Last Saturday, there was no better way to tear the kids away from their electronics, other than by promising they could get dirty head to toes in a vat full of grapes. Stomping the grapes is a traditional way of smashing the fruits to make wine, although the wineries now days use modern technologies to separate the skin from the grape. Many of us still remember the famous scene performed by Lucy Ball in “Bitter Grapes” where she ends up in a wrestling match with another woman inside the vat.
Last Saturday, there was no better way to tear the kids away from their electronics, other than by promising they could get dirty head to toes in a vat full of grapes. Stomping the grapes is a traditional way of smashing the fruits to make wine, although the wineries now days use modern technologies to separate the skin from the grape. Many of us still remember the famous scene performed by Lucy Ball in “Bitter Grapes” where she ends up in a wrestling match with another woman inside the vat. Well, Menghini Winery in Julian offered just that, an exciting opportunity to recreate the same exact scene by allowing its guests to wrestle inside two vats full of freshly harvested grapes. The Grape Stomp Festa celebrated its 21st anniversary with a “Lucy Look-Alike” contest, dancing, family picnic and a Bocce Ball Court courtesy of “Roman Holiday” band performing Italian music while wearing Italian garb. Guests had their picks out of eight wineries offering sips for five bucks a glass and a couple of dozens food and general merchandise vendors from Julian.
“We had about 1,500 people here today,” said Jim Wayman, the chairman of the Julian Chamber of Commerce, who organized the event. “It was a lot of fun, but most importantly, we fundraised for charity while giving a chance to our local businesses to meet the community.”
Menghini Winery is the only property in Julian that has a Major Use Permit and therefore the only place that can host public events at such big scale. Mike and Tony Menghini offered the land for free for the past few decades not just to the Grape Stomp Festa, but also to all kinds of other public gatherings.
Tony Menghini used to be a flight attendant before she met Mike who always dreamed of having his own winery. He started out as a wine assistant with Callaway, then bought this land 34 years ago on six acres at the foothills of Volcan Mountain and now they “produce over 4,000 cases of wine every year: three reds, three whites and one desert wine.” While everyone was walking around with a glass of wine, Menghini held a glass of beer and had some explaining to do.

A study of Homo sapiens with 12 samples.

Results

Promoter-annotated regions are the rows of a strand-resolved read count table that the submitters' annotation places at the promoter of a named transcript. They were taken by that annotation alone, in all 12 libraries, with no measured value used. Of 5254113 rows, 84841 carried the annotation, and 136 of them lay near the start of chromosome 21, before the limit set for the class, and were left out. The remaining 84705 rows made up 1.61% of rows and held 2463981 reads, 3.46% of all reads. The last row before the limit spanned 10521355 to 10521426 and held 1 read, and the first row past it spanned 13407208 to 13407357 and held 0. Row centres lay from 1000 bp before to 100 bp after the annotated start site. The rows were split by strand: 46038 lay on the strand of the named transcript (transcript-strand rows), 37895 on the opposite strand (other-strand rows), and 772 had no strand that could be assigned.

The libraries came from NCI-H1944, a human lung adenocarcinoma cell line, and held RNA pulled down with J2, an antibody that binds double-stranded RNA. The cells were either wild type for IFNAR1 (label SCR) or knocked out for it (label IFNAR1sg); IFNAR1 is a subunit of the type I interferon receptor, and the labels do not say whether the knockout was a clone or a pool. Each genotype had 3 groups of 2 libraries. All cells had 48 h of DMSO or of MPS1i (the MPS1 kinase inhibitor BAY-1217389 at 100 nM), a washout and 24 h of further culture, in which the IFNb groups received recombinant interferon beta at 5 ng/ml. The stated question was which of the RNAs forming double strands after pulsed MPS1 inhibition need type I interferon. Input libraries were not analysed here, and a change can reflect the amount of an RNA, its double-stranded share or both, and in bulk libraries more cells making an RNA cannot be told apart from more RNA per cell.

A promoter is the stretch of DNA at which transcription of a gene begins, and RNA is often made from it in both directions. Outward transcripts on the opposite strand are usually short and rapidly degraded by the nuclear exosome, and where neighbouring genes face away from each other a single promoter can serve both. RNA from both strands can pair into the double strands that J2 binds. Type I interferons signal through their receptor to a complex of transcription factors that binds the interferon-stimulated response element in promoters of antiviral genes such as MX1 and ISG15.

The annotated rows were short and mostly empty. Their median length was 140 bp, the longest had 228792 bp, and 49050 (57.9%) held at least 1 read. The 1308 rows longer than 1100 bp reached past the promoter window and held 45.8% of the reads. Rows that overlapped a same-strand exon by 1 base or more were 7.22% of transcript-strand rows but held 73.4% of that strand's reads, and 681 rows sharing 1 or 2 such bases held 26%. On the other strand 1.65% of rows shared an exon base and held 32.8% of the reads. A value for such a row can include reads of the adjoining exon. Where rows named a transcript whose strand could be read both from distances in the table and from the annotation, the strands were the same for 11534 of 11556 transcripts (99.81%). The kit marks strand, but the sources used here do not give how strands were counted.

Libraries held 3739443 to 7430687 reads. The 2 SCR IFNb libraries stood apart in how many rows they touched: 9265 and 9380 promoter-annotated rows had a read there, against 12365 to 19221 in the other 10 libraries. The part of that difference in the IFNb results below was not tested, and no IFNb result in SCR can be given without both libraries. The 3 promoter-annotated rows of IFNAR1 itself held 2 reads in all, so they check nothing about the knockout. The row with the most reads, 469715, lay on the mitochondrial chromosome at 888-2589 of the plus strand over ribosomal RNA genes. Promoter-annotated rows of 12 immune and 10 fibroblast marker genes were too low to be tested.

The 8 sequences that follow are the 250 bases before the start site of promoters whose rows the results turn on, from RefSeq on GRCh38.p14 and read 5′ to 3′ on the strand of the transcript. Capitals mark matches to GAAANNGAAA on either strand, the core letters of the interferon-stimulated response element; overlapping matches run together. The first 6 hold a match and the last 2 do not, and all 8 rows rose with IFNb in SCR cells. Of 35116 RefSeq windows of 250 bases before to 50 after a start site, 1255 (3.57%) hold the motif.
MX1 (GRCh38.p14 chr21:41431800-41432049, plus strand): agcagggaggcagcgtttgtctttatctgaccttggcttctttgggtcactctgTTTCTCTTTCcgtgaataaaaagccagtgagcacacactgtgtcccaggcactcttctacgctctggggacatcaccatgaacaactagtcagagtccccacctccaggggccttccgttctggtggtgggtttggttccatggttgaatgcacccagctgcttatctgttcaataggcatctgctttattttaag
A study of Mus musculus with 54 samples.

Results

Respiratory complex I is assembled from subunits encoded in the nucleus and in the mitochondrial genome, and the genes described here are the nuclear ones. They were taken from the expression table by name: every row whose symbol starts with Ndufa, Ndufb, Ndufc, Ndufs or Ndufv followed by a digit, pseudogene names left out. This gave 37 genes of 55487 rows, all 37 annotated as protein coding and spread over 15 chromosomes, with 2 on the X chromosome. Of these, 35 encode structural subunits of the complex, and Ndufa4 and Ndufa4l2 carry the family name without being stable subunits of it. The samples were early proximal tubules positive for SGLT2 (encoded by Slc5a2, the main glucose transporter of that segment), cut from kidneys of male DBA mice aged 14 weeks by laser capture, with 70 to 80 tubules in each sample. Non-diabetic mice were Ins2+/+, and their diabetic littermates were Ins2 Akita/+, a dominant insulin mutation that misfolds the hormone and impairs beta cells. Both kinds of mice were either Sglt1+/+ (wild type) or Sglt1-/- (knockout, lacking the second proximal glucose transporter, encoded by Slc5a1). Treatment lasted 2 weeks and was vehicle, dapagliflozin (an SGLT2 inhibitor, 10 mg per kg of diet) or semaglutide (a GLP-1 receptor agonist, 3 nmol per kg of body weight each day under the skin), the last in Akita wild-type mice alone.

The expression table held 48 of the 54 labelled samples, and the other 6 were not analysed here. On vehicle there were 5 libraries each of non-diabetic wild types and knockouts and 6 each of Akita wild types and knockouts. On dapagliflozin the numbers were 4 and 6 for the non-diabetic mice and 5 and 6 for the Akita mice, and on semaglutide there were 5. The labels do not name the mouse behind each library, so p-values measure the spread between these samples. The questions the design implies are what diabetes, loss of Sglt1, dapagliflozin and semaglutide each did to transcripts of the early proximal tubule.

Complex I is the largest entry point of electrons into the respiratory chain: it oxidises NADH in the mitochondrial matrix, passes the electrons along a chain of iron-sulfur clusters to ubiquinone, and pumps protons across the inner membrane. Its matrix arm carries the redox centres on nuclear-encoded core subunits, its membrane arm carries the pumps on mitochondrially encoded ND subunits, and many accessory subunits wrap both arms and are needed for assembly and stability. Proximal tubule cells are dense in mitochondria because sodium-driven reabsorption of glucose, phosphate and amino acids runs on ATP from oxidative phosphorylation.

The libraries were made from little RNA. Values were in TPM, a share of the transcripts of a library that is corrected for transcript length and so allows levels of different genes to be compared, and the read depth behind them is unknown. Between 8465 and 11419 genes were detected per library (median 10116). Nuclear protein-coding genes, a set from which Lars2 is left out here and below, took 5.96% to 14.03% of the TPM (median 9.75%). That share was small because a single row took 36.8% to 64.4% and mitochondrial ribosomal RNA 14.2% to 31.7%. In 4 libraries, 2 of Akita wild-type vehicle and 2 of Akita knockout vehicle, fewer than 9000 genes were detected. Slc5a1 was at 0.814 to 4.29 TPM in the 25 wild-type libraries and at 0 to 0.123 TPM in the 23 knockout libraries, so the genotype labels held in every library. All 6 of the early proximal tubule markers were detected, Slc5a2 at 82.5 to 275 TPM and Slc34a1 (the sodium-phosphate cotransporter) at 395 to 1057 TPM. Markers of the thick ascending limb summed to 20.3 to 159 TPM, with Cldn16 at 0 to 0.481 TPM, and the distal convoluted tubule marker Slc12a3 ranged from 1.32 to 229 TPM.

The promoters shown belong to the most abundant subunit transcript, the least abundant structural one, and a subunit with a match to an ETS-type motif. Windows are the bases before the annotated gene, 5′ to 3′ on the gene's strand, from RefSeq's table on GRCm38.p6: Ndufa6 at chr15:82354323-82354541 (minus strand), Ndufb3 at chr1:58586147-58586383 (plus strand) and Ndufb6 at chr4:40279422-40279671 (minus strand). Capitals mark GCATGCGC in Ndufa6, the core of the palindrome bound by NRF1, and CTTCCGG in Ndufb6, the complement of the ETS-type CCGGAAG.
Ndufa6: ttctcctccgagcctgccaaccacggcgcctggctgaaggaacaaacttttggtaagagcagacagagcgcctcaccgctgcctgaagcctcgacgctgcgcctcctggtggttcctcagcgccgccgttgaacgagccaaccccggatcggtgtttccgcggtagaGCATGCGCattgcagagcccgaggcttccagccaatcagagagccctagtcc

“It takes a lot of beer to make a good wine,” he laughs, taking his cap off for an instant photo shoot. His assistant wine maker, Randy Myers, holds the keys to his winery and an Italian style boutique furnished in vintage and shabby chic and with an all-knowingly mischievous smile, introduces himself: “I am an assistant, which means I do everything around here. The best thing about my job is that I get to meet people from all over the world. Meyers is trading stories with a couple who are frequent guests here, Dan M. and Yoshi W. “We come here once a month. Why? Look at this place, you’d think you’re in Europe!” Dan M. gets up from his chair pointing out the door, a weathered green wooden boundary generously welcoming the later afternoon sun through its cracks and crevices. Yoshi W. adds that the company here is what makes the wine taste so good and that her favorites are the Sirah and Cabernet.
Back outside, people are finding the raptor demonstration both educational and exciting. Kirsten Clibourne is greeting the visitors, while her husband, Cisco Clibourne, who is a master falconer, teaches people how to hold the birds and talks about training raptors as a natural method of pest management and bird abatement. The couple teamed up with Ryan Rubino, a wildlife photographer from Ramona, to educate the public and help growing their very young business. Present at the Festa is Pancho, a famous peregrine falcon who made it into the news and went viral last spring when it landed on a woman’s windshield on her way to the desert. Why Pancho? “Because of the Cisco TV show.” Cisco Clibourne started in this sport when he was 16 years old. “Falconry is the oldest sport known to men, but for me now it’s a way of life.” Clibourne captured his birds from the wilderness by himself.
Just as the Clibournes who debuted “Talons LLC” about a year ago, Kathryn Spilman is new in business. She came home one day in 2016 to find out her husband just bought Julian Old Time Photo, a three decades old business whose owner wanted to retire. Spilman worked as a landscape photographer before. “I had to learn the business fast, in few weeks. We kept the old costumes and bought new ones from vintage stores. This is our second event and we couldn’t be more grateful for this opportunity to let people know about our business.”
An all around success, the Grape Stomp Festa 21st edition fulfilled its goal to entertain the community and most importantly, to help launch local businesses. Hundreds of people enjoyed the sunny day in the valley among old apple orchards and vineyards. The place looked idyllic with the grassy field and oak trees, the kids running around and stomping the grapes, with mothers breastfeeding their babies on picnic blankets in the shade, happy folks dancing away on Italian Canzonetta and people tasting wines and stakes. Holding a burger in one hand and a glass of Cabernet in the other, Thomas M. is asking to switch roles and claims to be the reporter: “Do you know the meaning of In Vino Veritas?” Of course, and this Menghini Moscato spells it out to perfection. Cin Cin!